Correction: The Intercontinental Hotel on the Country Club Plaza did not receive TIF but was approved for CID status.
On June 18th, voters will also see Question 1 on the ballot, in addition to casting votes for a new mayor, new council members, and new terms for municipal judges.
Question 1 states:
“Shall the City of Kansas City cap the amount of ad valorem real property taxes that may be utilized in furtherance of economic development projects through the Land Clearance for Redevelopment Authority of Kansas City, Missouri, the Planned Industrial Expansion Authority of Kansas City, Missouri, the Kansas City, Missouri Port Authority, the Tax Increment Financing Commission of Kansas City, Missouri and the City of Kansas City, Missouri, by prohibiting the abatement, exemption or redirection of more than fifty percent (50%) of the ad valorem real property taxes that would have been due and payable but for the utilization of economic development incentives?”
If passed, the measure would limit tax incentives the City grants developers through programs like TIF, (tax-increment financing) to 50 percent. TIF is a financing and development tool that encourages the development of blighted, substandard and economically underutilized areas.
Critics, however, say these large incentives take funding away from other entities such as schools and libraries. There have also been questions as to what is considered “blight.”
By definition, urban blight is the “sociological process by which a previously functioning city, or part of a city, falls into disrepair and decrepitude. It may feature deindustrialization, depopulation or deurbanization, economic restructuring, abandoned buildings and infrastructure, high local unemployment, fragmented families, political disenfranchisement, and crime”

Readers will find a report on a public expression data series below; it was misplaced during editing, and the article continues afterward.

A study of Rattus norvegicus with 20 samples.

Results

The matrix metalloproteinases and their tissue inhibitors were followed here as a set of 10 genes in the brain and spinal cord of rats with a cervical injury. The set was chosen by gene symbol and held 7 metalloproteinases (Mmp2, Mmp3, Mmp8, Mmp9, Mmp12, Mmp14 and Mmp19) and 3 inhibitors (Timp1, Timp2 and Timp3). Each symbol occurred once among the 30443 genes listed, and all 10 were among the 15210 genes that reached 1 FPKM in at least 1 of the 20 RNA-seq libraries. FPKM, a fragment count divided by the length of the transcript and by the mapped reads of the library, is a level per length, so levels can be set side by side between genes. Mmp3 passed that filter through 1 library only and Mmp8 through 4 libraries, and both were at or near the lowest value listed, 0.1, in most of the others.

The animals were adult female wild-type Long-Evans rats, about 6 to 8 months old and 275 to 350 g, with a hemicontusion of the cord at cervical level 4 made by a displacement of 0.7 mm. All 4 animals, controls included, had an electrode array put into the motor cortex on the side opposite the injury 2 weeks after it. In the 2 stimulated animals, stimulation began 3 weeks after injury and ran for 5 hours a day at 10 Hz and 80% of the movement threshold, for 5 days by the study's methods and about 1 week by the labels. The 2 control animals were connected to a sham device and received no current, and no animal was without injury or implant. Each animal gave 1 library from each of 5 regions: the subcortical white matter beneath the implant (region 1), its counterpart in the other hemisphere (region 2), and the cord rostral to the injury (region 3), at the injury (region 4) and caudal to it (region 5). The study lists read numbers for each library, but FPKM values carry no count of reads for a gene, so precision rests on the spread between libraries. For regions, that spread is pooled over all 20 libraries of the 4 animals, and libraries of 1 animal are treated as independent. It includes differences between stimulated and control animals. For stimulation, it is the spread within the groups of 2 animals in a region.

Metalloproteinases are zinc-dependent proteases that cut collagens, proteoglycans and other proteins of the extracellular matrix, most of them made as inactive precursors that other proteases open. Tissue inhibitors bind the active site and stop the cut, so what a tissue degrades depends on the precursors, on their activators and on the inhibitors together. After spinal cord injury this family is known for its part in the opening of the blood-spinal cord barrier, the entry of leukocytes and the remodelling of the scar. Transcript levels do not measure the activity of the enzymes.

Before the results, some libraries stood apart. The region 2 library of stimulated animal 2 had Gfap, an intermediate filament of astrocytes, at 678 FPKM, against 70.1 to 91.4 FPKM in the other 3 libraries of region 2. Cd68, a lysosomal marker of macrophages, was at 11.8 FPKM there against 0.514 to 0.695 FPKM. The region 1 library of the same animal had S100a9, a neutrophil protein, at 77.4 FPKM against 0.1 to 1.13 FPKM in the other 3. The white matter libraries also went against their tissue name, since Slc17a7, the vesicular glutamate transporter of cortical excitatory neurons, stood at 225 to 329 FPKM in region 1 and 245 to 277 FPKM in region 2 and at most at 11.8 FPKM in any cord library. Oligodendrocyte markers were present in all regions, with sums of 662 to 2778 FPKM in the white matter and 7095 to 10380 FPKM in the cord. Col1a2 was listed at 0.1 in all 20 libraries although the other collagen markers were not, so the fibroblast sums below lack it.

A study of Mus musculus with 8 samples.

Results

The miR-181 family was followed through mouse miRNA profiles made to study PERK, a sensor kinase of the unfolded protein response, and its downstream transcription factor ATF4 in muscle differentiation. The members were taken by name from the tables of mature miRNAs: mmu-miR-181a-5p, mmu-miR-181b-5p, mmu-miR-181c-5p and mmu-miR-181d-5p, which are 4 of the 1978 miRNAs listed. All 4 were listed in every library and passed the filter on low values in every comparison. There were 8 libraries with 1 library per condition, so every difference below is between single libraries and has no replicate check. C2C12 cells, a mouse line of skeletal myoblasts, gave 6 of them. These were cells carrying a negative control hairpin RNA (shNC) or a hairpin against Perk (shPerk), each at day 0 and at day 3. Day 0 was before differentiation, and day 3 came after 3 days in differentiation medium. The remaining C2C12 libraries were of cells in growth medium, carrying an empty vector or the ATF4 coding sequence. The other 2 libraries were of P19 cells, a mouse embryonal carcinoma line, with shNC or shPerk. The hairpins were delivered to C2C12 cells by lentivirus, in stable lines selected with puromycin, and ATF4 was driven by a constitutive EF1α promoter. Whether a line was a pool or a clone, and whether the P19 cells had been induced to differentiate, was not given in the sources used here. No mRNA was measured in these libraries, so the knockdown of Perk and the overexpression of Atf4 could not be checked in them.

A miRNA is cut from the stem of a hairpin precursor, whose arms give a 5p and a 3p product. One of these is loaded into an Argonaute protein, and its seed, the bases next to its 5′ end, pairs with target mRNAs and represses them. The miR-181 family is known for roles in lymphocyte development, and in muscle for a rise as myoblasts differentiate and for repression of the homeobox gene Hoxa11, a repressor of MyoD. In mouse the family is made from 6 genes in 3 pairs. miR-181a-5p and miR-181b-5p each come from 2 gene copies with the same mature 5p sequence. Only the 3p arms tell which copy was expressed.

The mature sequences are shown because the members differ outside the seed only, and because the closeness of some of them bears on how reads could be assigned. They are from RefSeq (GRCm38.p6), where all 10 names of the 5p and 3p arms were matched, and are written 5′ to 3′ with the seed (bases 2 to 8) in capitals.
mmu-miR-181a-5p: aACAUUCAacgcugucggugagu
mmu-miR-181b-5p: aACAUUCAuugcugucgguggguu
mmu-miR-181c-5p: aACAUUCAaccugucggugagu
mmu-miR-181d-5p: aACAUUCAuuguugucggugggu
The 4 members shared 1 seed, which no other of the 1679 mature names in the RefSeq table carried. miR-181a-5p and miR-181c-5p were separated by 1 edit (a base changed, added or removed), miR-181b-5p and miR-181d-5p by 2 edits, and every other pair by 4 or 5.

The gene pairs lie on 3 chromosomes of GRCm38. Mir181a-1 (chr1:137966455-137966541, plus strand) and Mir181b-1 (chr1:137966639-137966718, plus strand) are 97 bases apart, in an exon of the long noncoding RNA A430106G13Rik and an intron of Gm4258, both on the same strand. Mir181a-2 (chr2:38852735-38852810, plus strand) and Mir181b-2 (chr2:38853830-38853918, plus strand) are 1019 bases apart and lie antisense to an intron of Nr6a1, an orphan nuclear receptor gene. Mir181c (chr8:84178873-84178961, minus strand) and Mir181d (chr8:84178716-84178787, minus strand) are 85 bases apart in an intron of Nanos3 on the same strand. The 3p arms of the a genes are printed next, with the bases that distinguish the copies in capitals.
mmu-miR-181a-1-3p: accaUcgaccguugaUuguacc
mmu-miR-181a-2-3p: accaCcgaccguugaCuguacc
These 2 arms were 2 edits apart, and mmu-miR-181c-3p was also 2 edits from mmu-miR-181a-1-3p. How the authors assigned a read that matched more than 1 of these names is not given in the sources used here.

In 2016 the downtown Marriott was officially declared “blighted” in order to secure TIF funds for on-site improvements.
A cost-benefit analysis (“but for test”) must be completed for each project and requires approval by the TIF Commission and the Kansas City City Council. A redevelopment area must be determined by the City or county to be a blighted area, conservation area or economic development area as defined by the Missouri TIF Act and must conform to the general plans of the City of Kansas City, Missouri.
The full Council voted in February to place the question on the June ballot, after the Coalition for Kansas City Economic Development Reform collected more than 2,300 signatures in an initiative petition.
According to the City Charter, any new ordinance or any ordinance to amend or repeal, in whole or in part, any existing ordinance, may be submitted to the Council by petition.
The number of required signatures must be at least 5 percent of the total number of votes cast for Mayor in the previous municipal election.
Once the appropriate number of signatures are gathered, the petition is filed with the City Clerk, who will send the petition pages to four election boards to verify each signature as valid.
If the required number of valid signatures are gathered, the ordinance is placed before City Council.